Copyright © 2020 Albuquerque Journal
Edgewood native and University of New Mexico graduate Hallie Brown always wanted to join the Peace Corps. When she was accepted as a community health facilitator in the Gambia, a small country on the northwest coast of Africa, she began living her dream.
But on March 15, the Peace Corps suspended global operations and ordered all 7,000 volunteers to return home. It was a first for the organization, which last had a large evacuation – of about 350 volunteers – during the Ebola outbreak of 2014.
Director Jody Olsen said the action was intended to prevent a situation in which volunteers would be unable to leave their host countries because of the COVID-19 pandemic. She acknowledged the coming days would be “difficult, emotionally draining experiences.”
That rang true for Brown, who was 17 months into her 26-month service period.
“My host family took care of me like I was their own child,” Brown said. “I ate meals with them, worked in my host mother’s garden, did homework with them, experienced life with them. I was there when my host sister was born. It was hard to explain to them why I was leaving, as at that time there weren’t even any COVID-19 cases in the Gambia.”
Brown, who learned the Mandinka language, helped with community programs for child nutrition and medical care, and testing for malaria. She knew the virus had forced volunteers in China, Mongolia and Morocco to leave earlier this year.
But the global evacuation notice surprised Brown, who learned about it through a CNN article while staying at a training facility near her village of Wassu. She left at 6 a.m. to catch a ride to her village. After a scramble to pack and say tearful goodbyes, Brown and nearby Peace Corps members drove to the capital, Banjul.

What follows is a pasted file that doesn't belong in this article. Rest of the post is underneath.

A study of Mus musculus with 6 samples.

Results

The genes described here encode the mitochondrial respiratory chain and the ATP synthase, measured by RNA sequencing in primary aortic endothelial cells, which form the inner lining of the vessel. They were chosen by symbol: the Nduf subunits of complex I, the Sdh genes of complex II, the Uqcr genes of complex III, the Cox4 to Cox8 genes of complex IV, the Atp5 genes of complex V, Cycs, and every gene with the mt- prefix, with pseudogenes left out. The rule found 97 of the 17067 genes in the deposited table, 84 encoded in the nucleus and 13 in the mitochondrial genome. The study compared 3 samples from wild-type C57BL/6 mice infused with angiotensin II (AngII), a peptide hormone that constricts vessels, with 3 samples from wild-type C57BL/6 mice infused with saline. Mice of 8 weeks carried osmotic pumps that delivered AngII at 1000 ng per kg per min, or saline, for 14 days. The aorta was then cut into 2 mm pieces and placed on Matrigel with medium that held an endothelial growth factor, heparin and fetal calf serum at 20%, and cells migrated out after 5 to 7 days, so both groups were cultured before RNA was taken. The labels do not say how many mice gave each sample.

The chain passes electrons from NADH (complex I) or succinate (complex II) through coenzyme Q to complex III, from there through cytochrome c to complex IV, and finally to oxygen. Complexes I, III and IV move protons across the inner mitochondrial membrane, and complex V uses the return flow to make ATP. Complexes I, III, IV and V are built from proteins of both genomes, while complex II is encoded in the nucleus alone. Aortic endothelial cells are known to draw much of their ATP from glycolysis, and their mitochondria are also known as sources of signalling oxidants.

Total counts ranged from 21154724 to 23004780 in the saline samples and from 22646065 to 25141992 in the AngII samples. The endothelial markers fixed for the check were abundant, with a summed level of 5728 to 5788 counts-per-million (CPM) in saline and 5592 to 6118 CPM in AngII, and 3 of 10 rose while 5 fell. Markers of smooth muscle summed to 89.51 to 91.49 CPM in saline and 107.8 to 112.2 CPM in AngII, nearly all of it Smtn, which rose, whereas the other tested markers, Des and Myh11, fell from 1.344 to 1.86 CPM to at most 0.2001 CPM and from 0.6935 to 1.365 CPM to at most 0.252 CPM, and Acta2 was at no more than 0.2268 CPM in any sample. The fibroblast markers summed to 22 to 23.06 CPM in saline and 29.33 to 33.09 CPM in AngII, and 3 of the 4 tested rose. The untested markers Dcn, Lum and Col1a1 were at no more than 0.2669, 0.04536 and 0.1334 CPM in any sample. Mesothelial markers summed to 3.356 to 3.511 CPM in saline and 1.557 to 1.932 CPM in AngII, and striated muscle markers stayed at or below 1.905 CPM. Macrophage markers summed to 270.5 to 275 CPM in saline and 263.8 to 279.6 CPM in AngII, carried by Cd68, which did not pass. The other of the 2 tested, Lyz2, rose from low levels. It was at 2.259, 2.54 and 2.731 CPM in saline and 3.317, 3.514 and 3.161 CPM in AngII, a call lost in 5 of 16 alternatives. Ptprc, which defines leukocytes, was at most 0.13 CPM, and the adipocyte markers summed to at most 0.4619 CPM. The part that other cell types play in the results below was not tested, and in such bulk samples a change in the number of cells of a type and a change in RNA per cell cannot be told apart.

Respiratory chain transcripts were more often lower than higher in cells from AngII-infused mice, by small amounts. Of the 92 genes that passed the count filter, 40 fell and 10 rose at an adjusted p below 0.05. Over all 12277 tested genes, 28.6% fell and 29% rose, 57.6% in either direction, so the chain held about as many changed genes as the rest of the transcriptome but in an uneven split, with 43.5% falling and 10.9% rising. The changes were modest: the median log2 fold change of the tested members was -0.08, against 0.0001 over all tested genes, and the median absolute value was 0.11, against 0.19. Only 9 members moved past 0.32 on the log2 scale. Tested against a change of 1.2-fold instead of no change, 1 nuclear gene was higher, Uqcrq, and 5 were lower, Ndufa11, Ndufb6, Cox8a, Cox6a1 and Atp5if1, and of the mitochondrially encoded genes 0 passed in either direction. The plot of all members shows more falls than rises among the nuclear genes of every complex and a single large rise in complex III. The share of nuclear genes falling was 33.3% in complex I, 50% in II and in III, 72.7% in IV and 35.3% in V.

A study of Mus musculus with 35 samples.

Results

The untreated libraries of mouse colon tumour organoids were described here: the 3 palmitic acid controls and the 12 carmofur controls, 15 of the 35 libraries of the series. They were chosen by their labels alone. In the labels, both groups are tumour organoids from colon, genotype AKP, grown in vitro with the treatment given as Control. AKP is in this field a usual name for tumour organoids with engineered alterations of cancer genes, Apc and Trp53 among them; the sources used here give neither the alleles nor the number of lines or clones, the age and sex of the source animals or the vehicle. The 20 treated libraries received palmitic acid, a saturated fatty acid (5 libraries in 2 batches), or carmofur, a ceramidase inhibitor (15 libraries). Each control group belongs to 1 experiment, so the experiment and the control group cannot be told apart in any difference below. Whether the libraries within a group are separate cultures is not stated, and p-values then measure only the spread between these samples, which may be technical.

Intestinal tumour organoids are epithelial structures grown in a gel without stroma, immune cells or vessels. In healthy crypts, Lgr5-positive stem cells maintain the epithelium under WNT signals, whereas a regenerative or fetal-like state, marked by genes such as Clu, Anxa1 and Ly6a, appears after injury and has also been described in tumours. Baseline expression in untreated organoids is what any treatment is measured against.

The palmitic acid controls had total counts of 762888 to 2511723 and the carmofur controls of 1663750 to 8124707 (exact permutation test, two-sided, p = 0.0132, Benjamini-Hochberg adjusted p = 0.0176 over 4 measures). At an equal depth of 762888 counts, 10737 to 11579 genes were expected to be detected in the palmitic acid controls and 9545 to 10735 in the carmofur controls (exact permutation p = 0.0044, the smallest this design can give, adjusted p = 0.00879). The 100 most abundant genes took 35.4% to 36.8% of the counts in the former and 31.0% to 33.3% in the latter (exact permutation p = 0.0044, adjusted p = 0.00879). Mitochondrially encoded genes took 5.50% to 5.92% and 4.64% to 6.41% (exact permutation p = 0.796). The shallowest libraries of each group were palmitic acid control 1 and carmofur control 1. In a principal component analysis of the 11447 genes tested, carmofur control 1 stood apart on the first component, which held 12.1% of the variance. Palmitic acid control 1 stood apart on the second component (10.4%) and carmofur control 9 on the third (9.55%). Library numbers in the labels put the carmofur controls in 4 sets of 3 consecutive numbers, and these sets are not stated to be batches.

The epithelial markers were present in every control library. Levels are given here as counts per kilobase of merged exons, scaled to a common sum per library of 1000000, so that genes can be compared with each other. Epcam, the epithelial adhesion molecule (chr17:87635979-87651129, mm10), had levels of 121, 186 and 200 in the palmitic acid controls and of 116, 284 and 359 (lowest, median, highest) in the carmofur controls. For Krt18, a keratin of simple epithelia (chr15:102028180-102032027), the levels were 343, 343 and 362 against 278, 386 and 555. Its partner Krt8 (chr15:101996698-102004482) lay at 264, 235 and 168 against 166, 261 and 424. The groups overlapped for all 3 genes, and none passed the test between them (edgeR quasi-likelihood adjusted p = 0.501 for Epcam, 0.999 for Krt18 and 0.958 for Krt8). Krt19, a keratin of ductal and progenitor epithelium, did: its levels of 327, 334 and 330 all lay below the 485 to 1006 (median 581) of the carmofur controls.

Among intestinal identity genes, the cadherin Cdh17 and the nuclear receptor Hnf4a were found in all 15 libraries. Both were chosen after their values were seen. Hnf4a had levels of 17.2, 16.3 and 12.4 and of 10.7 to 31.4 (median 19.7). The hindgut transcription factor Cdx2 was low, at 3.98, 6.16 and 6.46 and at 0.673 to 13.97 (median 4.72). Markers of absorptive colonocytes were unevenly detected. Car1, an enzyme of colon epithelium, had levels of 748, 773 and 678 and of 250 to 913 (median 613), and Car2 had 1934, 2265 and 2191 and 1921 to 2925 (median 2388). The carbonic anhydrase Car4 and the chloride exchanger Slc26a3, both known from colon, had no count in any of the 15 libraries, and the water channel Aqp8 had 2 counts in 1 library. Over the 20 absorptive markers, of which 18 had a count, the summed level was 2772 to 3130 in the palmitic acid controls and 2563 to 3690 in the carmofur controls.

There, leaders held a two-day “transition conference” with the 115 volunteers in the country to close bank accounts, conduct end-of-service medical exams and return grant funding.
An original flight to Belgium was canceled. Brown and other volunteers journeyed to Dakar, Senegal, to board a chartered flight to Washington, D.C. Brown flew from the nation’s capital to Denver and then home to Albuquerque on Saturday night.
The Peace Corps gave the travelers masks and hand sanitizer. But Brown said she was screened for COVID-19 symptoms only upon her arrival in America.
“Not everyone on my flight was screened, which is concerning,” she said. “I did fill out a questionnaire about my travel history, but no one ever collected it. I felt like I was being sent to a more dangerous place, as far as case numbers were concerned.”
The Gambia and Senegal have since closed their shared border and restricted air travel.
There is no timeline for volunteers returning to their assignments as the virus and resulting global restrictions continue to unfold.
Brown, who couldn’t hug her mother and remained in quarantine for several days after returning, said she is keeping in touch with other volunteers experiencing similar evacuation whiplash.
She is planning to apply to graduate school. She is worried about employment opportunities as businesses close, but she says she will do anything to have a paycheck again.
“Returning from the Peace Corps is a challenging experience normally,” Brown said. “In the Gambia, I didn’t have running water or electricity. I had access to groceries once a week, and I rode my bike everywhere, so there’s definitely a culture shock. Then you add another shock, because this is not the America I thought I would be returning to.”